Just one year, one month and a day after celebrating its official grand opening on Dec 3, 2016, the Asian-themed Lucky Dragon Hotel and Casino temporarily closed all gaming and restaurant operations at 7am on Thursday as the Las Vegas casino struggles to attract patrons.
The Las Vegas Review-Journal reports the move by Lucky Dragon puts hundreds of jobs in jeopardy along with $60 million worth of loans from Chinese investors seeking permanent green cards through the United States Citizenship and Immigration Services (USCIS) administered EB-5 program.
In a statement on Thursday morning, the company said, “Effective immediately Lucky Dragon Hotel & Casino is beginning the process of repositioning and, in doing so, will have a reduction in staff while it temporarily closes all gaming and restaurant operations,” according to the Las Vegas Review-Journal.
In the statement, the company reportedly said that the restaurants and casino floor would resume operations “within six months.” The Sahara Avenue property’s 203-room hotel will reportedly remain open, along with the hotel’s first-floor bar, Cha Garden restaurant and gift shop.
The news agency reports that according to a hotel worker who was taking reservations over the phone on Thursday morning, all 203 of the hotel’s guestrooms are booked during CES 2018, a global consumer electronics and consumer technology trade show that takes place every January in Las Vegas and starts on Tuesday.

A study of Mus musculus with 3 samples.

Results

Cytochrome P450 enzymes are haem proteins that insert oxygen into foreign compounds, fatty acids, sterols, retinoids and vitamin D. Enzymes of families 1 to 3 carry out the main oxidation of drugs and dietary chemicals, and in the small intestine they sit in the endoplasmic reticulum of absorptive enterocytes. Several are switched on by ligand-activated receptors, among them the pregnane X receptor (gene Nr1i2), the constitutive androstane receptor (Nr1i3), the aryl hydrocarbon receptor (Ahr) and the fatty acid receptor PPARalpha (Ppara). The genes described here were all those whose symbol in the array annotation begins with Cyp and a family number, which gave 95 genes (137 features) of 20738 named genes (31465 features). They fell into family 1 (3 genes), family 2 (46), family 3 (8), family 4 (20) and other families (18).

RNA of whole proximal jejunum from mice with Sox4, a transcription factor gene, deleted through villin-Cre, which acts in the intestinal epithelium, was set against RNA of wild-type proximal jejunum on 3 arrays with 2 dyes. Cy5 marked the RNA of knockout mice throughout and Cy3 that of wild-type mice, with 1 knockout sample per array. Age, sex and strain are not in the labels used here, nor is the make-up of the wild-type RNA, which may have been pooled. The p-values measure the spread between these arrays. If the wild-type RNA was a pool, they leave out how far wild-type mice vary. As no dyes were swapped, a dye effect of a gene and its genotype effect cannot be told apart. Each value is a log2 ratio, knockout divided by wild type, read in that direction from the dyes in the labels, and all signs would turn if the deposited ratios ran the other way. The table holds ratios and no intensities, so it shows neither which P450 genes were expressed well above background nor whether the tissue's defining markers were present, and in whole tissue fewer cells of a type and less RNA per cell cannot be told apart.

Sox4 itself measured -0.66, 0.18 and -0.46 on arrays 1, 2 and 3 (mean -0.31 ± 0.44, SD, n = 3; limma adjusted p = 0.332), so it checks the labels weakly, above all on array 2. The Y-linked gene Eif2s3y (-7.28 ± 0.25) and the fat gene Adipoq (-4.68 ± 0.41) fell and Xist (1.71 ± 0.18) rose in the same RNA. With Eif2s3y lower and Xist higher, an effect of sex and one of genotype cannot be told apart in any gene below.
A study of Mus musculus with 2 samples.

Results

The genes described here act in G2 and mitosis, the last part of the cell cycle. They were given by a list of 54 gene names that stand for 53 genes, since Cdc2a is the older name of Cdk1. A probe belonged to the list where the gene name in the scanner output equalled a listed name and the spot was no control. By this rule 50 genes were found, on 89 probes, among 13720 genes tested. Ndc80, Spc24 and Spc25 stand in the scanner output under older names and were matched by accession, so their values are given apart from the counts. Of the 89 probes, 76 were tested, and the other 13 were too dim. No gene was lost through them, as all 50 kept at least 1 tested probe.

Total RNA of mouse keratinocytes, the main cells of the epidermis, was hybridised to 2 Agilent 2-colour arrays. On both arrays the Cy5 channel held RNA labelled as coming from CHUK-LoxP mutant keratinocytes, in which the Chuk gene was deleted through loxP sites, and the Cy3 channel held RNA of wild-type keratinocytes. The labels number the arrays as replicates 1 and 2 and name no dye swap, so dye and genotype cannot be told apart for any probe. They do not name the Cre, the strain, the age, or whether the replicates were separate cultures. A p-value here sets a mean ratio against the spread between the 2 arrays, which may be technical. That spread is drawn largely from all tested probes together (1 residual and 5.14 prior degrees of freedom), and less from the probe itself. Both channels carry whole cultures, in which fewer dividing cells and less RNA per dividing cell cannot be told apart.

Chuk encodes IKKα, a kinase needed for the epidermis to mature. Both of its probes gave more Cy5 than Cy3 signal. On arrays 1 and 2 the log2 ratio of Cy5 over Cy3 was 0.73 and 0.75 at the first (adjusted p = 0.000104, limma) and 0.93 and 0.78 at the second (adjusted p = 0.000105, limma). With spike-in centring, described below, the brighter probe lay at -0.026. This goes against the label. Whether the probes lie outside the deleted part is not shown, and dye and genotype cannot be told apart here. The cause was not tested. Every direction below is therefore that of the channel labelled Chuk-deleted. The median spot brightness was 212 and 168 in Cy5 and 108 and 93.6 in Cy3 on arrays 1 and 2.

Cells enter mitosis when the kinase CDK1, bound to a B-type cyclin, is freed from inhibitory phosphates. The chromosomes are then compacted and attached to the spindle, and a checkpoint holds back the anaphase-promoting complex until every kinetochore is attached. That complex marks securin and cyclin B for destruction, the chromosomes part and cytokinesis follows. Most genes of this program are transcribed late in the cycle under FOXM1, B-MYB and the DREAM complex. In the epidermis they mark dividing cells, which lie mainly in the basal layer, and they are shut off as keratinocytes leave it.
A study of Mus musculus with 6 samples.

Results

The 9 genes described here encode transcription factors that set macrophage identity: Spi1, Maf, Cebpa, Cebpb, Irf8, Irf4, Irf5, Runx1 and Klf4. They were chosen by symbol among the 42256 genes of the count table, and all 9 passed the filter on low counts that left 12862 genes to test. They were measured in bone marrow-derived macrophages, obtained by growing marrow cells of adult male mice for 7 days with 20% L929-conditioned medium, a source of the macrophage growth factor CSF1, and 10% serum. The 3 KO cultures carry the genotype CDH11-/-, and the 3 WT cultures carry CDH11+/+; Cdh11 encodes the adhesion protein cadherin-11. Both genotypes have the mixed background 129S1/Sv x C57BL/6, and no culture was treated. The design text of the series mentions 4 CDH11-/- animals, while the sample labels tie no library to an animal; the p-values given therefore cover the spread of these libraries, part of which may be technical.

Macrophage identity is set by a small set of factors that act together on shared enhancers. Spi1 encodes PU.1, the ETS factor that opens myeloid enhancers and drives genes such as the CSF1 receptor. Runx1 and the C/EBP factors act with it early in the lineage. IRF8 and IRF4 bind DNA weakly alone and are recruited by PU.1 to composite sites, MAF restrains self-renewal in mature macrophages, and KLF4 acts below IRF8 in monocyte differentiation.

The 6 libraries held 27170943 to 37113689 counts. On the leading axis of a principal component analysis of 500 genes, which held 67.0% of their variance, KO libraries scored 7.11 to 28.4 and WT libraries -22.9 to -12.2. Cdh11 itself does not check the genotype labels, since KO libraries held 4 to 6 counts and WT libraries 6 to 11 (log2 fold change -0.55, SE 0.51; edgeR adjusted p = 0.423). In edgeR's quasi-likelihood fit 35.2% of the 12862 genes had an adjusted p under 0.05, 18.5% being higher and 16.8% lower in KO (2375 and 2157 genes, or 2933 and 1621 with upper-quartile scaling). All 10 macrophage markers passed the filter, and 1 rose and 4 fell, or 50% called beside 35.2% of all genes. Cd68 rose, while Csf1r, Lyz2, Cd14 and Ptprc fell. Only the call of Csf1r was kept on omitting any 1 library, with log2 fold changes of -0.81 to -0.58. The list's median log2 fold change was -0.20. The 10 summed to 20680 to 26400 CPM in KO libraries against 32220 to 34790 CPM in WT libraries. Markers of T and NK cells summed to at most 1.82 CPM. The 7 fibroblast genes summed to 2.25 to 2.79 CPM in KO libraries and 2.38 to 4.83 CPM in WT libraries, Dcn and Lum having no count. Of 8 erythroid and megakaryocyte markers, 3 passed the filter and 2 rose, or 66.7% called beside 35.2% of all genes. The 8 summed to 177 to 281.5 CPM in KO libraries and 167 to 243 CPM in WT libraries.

According to the Las Vegas Review-Journal, Lucky Dragon opted not to disclose whether “repositioning” meant the name of the casino would be changed or its focus on Asian patrons.
Following the Cosmopolitan, Lucky Dragon is the first purpose-built gaming project in the city in six years. Located near the north end of the Strip, the boutique casino was five years in the making from concept to ribbon-cutting. Upon its opening in December last year, the property had plans to hire 800 people, however, the relatively small 27,500 square foot casino floor that is heavily represented by baccarat tables never drew the crowds that were expected.
In order to cut operating costs, just a few months after opening Lucky Dragon shut down one of its restaurants and about a hundred people including the general manager were fired, according to the Las Vegas Review-Journal.
As of December, upwards of 500 full and part-time workers were employed by Lucky Dragon. According to the report, no indication was given by the company as to just how many individuals would temporarily be without a job.
However, the company reportedly said in the statement that once the casino reopens, staff that had been laid off will be able to return.
The project was funded with loans to the tune of $60 million from 120 Chinese families, who through the USCIS administered EB-5 program, are seeking American citizenship. However, the investors now face losing their money along with the right to a green card if the five-year-long project fails to deliver.
Named for the employment-based fifth preference visa that those who participate receive, under the EB-5 Program, entrepreneurs and their spouses and unmarried children under the age of 21, are eligible to apply for a green card if they “make the necessary investment in a commercial enterprise in the United States; and plan to create or preserve 10 permanent full-time jobs for qualified U.S. workers.”